Nostalgia and Wonderment

20 Sep

When I was a wee lad I owned a NES.  Buying games was not on the docket, so I was stuck with Super Mario Bros 3 and Star Tropics.  I rented games from time to time, but as a five year old it could not be done on a whim.  So those were my games.  I wasn’t particularly drawn to them, but I did enjoy them.  As well, I did not understand them — and this was goddamn fascinating to me.  There was a point in Star Tropics where a snake patrolled an underground passageway.  One simply had to find the right moment to cross the path so as to avoid the snake.  I marveled at the complexity of this for hours, maybe even several play sessions that didn’t progress past that point.  Eventually I summed up my courage and hit the snake with a yo-yo.  It killed me.  I guess eventually I got past that, but I don’t remember when it clicked.  Later in the game, when I stopped playing, I was in a submarine (for reasons unknown to me) and got lost at sea, cursed to swim forever alongside pixelated dolphins in the tiled sea.

When my older neighbour showed me the secret flute levels in SMB 3, the ones with the ships and the lava, I was blown away.  It was a magical thing.  I played through a lot of that game, but I was very inconsistent.  My early brain didn’t grasp the core concepts; sometimes I blew past level 2 and sometimes I had to give up out of frustration.

One time I rented a combat flight sim for the NES.  I think I saw a plane once.  I spent the rest of the night barreling endlessly through a  depthless blue sky, sitting in a badly rendered cockpit.  I didn’t know what to think.

When I was old enough to graduate to our family’s old Mac (which was something like eleven years older than me) I finally, after grueling diplomacy, had secured for myself a copy of Warcraft II.  The older kids on my street all played it, and I was ecstatic.  I waited several hours for the game to install on the computer.  I then started up the world editor, thinking it was the game (this was my first time installing a computer game) and ended up “playing it” for about an hour.  I realized something was up.  This looked like the game, but there was some essential functionality missing.  There was no attacking, units did not move from point A to B (only when I moved them there, as per the editor’s rules), and surely nothing was fighting against me.

After some time I found the actual game.  Clearly, it became “my game”.  My first game to fully figure out, I think.  I learned the tech tree, unit costs and which spells did what.  I became pretty adept at beating the computer.  I was not even aware that it had multiplayer capabilities, but I was happy with it.  Even so, eventually I stopped playing.  I moved on to Age of Empires II and Unreal Tournament, and proceeded to figure them out.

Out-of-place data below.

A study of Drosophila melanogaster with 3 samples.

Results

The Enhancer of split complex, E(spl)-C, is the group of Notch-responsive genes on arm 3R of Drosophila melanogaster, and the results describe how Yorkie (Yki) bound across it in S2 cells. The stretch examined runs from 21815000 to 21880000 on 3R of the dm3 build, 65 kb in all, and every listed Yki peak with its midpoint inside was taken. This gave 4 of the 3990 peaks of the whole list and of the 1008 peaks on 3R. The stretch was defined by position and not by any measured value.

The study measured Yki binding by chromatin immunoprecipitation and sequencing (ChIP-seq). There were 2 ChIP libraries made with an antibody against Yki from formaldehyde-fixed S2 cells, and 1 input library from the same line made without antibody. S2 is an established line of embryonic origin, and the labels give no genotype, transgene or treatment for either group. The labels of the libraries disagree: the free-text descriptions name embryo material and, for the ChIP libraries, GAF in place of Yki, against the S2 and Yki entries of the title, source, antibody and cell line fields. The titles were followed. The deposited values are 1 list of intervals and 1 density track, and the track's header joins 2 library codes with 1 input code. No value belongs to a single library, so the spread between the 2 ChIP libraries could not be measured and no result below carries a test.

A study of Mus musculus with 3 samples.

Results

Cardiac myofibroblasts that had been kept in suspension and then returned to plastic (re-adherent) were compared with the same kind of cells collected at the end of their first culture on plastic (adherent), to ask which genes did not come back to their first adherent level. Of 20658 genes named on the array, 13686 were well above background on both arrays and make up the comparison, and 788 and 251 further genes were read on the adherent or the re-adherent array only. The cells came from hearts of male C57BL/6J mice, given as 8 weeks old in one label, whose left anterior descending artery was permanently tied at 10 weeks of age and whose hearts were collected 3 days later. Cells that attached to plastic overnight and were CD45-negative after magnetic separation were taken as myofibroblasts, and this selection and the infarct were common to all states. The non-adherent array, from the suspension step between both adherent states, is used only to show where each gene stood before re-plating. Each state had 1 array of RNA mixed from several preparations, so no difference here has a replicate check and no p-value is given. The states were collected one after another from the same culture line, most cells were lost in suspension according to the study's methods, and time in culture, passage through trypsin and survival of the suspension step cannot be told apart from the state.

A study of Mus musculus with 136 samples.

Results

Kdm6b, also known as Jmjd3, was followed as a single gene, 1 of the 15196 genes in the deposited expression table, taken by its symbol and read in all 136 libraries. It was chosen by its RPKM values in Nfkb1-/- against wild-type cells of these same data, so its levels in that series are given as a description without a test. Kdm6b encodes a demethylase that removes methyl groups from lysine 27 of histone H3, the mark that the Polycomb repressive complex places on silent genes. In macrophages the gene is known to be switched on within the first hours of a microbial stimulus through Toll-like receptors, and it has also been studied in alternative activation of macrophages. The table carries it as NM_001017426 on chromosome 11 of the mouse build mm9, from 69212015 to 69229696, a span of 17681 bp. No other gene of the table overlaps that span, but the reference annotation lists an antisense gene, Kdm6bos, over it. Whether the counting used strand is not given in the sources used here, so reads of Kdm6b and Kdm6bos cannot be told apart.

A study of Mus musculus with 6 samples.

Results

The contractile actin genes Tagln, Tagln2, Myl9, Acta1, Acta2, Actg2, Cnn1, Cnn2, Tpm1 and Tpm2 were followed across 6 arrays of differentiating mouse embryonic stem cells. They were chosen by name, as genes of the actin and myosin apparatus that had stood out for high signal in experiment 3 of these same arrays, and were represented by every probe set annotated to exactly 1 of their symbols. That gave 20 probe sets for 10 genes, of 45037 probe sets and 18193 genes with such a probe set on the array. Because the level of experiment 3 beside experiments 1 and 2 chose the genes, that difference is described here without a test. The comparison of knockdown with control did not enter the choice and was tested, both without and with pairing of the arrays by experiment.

Shadow Complex has led me to this nostalgia, because it brings me back to that sense of mystery and bewilderment.  I never played the Metroid/Castelvania games as a kid, so I don’t associate it with those respective tropes.  But it has brought to might the sense of mystery that used to bind me to games, and that led me to view them as very big things.  Because of my ineptitude at Star Tropics I inferred that, surely, it must be an endless world.  Looking back it must have been a very short game when compared to today’s norm.

I find myself backtracking, checking my map with a wrinkled brow, retrying areas over and over trying to figure out “the way” to pass the test.  I feel lost but powerful and capable as well.  I hope I never attain the completionist’s knowledge of the game and lose my sense of awe.

It is strange that this is considered “old school” game design.  Surely it is part of World of Warcraft’s artificially extended world.  I wish other games would consider tricking their players rather than putting them on track to “play along”.  It breaks my heart when I’m surrounded by urban detritus and see that rubble piles block all routes of movement besides “the path”.

To be timely for a second, I’m also ready to be somewhat disappointed with Halo ODST.  I’d rather the open world be the entire game, with new missions to accommodate it.  Instead the bulk of the game, as I understand it, will be played through “flashbacks” in the traditional Halo mission style.  Frankly I’d find it a relief to just get lost in a dark city, in enemy territory, all alone and trying to find my way back to the rest of the boys.  I’d like to just do that, for a change.  What I don’t want to do is jump in a tank and go to point B where I will fight bad guys until they stop coming.  I just played that out in my head, cut together from past experiences.  The shooting will be fun, yes.  But I have done that already, that mission.  I know the outcome most certainly.

Should it not be some tenet of game design to keep your players “in the magic circle”, unawares of your machinations?  Should it not become more important in sequels?  That’s not a knock against Halo ODST; it’s a convenient example and I can’t wait to play it for other reasons.  I just want some of that wonderment back.